So my curiosity got the best of me and I did it. I enrolled in Glenn Beck University, which means that every Wednesday this summer, I will watch a lecture by a Beck-approved thinker. Which means that I'll share what I've "learned" here on Slog every Thursday. (Lucky you.)
Last night was the first "class" at Glenn Beck University: Faith 101. The host was David Barton (You can read a pretty good dissection of Barton's career over here), and the subject, unsurprisingly, was about how the separation of church and state is way overblown by liberals.
Here is what it's like to attend Glenn Beck University: First, Glenn Beck comes on in a white polo shirt with an American flag on it ("U.S.A." is written right underneath the flag, in case you are confused about which country the flag is representing) and promises that "You will probably learn more in the next hour than you have in your entire life about American history." Then the "professor" talks. About halfway through, a cartoon Glenn Beck comes on the screen (“WHOA WHOA WHOA! That’s a lot of information,” cartoon Beck screeches) and gives you a "pop quiz" about the material you've just heard. Then the professor finishes his lecture. The whole thing clocks in at exactly 35 minutes, and then you are funneled into a chat room.
Besides the usual stuff about American Exceptionalism and how God favors capitalism and "freedom," Barton had two agendas last night. The first was to suggest that Christianity was integral to the founding of the nation. For example: Did you know that many of the meetings to ratify the Constitution took place in churches? And that preachers preached about American independence from the pulpit, even leading their parishioners into battle during the American Revolution? Barton's lecture was a loosely tied together collection of trivia about the importance of preachers and churches in Revolution-era America, but it lacked any context: Of course churches were important—were they going to meet at the mall?—because the churches had a huge portion of the wealth, and with wealth came education and prominence in the community. That's why many of the ideas in the Declaration of Independence came from sermons, as Barton pointed out. He didn't make a case for anything; he just told us what it was like to live back then. This site makes a good antidote to Barton's flighty claims.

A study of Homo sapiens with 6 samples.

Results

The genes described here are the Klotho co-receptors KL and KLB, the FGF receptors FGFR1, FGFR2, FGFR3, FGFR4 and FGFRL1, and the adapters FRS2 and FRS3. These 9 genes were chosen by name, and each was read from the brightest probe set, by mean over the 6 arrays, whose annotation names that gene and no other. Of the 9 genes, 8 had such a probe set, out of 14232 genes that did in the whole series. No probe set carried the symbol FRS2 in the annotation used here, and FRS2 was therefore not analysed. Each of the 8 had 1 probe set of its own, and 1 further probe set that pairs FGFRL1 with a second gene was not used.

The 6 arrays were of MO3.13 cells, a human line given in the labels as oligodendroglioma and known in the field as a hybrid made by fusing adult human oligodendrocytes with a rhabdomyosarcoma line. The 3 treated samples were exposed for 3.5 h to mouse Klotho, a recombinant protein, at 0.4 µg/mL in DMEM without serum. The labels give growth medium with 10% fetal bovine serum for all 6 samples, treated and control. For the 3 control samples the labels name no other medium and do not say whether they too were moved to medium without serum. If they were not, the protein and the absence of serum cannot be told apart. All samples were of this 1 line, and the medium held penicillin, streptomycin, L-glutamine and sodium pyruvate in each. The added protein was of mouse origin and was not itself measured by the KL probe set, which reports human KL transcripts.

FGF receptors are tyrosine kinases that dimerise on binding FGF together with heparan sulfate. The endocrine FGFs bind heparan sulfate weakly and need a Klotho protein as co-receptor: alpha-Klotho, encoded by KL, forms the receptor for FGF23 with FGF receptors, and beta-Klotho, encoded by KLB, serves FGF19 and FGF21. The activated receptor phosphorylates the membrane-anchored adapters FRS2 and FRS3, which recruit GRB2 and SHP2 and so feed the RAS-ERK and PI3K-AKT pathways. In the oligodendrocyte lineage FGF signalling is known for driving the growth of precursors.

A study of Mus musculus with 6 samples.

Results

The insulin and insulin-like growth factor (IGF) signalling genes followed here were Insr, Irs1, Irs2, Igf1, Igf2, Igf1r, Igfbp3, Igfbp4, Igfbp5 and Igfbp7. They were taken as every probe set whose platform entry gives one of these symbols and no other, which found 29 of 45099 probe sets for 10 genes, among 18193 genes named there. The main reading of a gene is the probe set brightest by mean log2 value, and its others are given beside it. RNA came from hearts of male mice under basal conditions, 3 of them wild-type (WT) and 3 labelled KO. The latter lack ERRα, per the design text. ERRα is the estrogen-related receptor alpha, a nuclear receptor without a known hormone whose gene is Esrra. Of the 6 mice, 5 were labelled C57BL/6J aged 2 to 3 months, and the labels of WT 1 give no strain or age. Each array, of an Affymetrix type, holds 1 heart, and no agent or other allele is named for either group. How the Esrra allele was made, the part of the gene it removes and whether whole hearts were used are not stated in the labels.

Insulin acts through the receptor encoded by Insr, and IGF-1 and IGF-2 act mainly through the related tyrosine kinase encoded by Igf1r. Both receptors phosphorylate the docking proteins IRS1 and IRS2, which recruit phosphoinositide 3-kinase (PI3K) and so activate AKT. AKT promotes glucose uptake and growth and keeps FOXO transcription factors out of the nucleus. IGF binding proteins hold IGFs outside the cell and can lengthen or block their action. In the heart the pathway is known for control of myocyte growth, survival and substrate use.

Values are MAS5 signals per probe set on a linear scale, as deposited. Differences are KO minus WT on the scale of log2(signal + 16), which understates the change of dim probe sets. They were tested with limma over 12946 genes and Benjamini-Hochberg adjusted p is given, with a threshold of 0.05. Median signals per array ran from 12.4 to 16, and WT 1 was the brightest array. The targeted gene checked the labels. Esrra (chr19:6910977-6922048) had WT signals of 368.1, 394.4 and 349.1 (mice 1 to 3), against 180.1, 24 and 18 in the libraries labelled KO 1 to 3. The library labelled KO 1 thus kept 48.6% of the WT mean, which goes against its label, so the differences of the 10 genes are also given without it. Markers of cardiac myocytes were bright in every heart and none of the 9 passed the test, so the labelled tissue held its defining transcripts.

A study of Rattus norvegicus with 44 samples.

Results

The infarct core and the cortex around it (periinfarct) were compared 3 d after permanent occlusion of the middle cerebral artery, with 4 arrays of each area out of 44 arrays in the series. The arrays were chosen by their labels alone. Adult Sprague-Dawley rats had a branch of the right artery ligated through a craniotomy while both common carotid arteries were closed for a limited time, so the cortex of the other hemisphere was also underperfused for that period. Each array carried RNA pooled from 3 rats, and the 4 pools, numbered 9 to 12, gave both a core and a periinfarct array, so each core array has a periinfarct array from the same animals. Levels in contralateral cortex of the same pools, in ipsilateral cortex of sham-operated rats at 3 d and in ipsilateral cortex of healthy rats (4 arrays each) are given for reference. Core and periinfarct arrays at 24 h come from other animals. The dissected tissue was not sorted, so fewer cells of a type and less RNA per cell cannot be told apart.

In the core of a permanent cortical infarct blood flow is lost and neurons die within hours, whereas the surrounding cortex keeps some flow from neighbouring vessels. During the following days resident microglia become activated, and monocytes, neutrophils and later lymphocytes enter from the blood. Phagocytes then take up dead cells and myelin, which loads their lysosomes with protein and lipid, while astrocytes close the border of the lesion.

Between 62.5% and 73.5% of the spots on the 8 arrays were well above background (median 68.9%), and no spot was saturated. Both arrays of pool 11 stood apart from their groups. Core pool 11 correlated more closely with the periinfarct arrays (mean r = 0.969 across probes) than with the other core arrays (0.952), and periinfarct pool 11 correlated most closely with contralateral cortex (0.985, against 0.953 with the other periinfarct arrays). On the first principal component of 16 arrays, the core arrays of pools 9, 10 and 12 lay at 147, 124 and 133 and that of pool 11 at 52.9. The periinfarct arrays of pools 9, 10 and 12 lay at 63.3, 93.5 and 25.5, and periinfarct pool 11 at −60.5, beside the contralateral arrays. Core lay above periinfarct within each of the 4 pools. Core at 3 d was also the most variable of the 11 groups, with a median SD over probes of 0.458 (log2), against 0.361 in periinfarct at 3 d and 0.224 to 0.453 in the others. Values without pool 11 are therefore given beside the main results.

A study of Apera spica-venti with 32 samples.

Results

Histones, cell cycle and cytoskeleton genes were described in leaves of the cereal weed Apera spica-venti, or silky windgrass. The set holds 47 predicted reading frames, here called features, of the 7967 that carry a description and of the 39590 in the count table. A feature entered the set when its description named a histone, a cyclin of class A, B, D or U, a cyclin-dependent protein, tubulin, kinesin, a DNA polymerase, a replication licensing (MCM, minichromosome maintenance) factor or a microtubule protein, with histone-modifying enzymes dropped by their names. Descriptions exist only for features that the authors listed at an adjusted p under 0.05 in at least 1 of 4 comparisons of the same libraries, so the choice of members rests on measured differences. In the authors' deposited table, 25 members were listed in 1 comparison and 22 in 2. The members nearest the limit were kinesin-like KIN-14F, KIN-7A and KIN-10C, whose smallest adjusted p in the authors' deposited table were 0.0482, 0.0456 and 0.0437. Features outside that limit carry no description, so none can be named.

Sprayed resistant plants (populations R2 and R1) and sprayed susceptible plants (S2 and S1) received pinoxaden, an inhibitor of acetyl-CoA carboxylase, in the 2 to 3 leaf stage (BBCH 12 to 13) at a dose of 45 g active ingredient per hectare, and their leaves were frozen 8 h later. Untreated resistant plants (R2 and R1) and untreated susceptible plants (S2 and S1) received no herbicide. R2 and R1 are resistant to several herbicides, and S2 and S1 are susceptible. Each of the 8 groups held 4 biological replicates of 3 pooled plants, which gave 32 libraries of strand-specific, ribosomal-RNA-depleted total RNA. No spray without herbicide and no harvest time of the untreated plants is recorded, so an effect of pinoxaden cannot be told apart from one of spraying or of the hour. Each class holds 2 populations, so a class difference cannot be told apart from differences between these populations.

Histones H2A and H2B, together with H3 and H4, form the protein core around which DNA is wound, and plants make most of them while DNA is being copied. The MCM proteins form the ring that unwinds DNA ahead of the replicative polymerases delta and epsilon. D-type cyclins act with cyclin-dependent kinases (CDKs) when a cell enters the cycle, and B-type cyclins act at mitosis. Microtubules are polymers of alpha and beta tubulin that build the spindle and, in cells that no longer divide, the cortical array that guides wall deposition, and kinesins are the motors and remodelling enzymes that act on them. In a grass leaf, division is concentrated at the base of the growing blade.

Barton's second agenda was weirder and more vague: He continually pointed out that black people were important to the American Revolution. He made a small reference to Wentworth Cheswell's ride, which took place on the same night as Paul Revere's ride, and he pointed out African-American figures in paintings of the Revolution. Which is a great thing for Beck fans to know, but I got the feeling that he was laying the groundwork for future "classes" (I still have to sit through Faith 102 and Faith 103), and I'm afraid he's working toward an "African-Americans have always been free and loved America" lecture that suggests that slavery wasn't as big an issue as Big Liberal Education makes it out to be. Maybe I'm being jumpy, though: This could just as likely be a perfunctory nod toward the Teabag claim that they don't just represent white America. "See? There were black patriots, too! Ergo, Tea Party values are black values!" I'll be keeping an eye out during next week's lecture (Hope 101) to see if this subtext continues.
After the jump, you'll find a few statements from the post-class chat (they wanted more Antichrist) and some screenshots from the lecture.
The moderator asked if people enjoyed Beck U. Riflaman said: "Awesome presentation. I'm blown away. Thanks." They asked what topics the "students" wanted to learn about: Randall Lynn said: "I'd like to see more on the Founding, the Constitution, the Bill of Rights, free-market economics, and how what is happening in our country and around the world today appears to be fitting into the Biblical pattern predating the coming of a global government under the figure known as the Antichrist." Linda wanted "Perhaps discussion about each of the articles of Constitotion," and Randy wanted to learn about "The Reagan years." And Ted PA asked for Beck U to "Put together a 10 question quiz from each lesson that we could use to inform friends and children."
Things ended with a poll:
Look! Look! A Black Patriot! (He's the one cowering behind the noble white patriot.)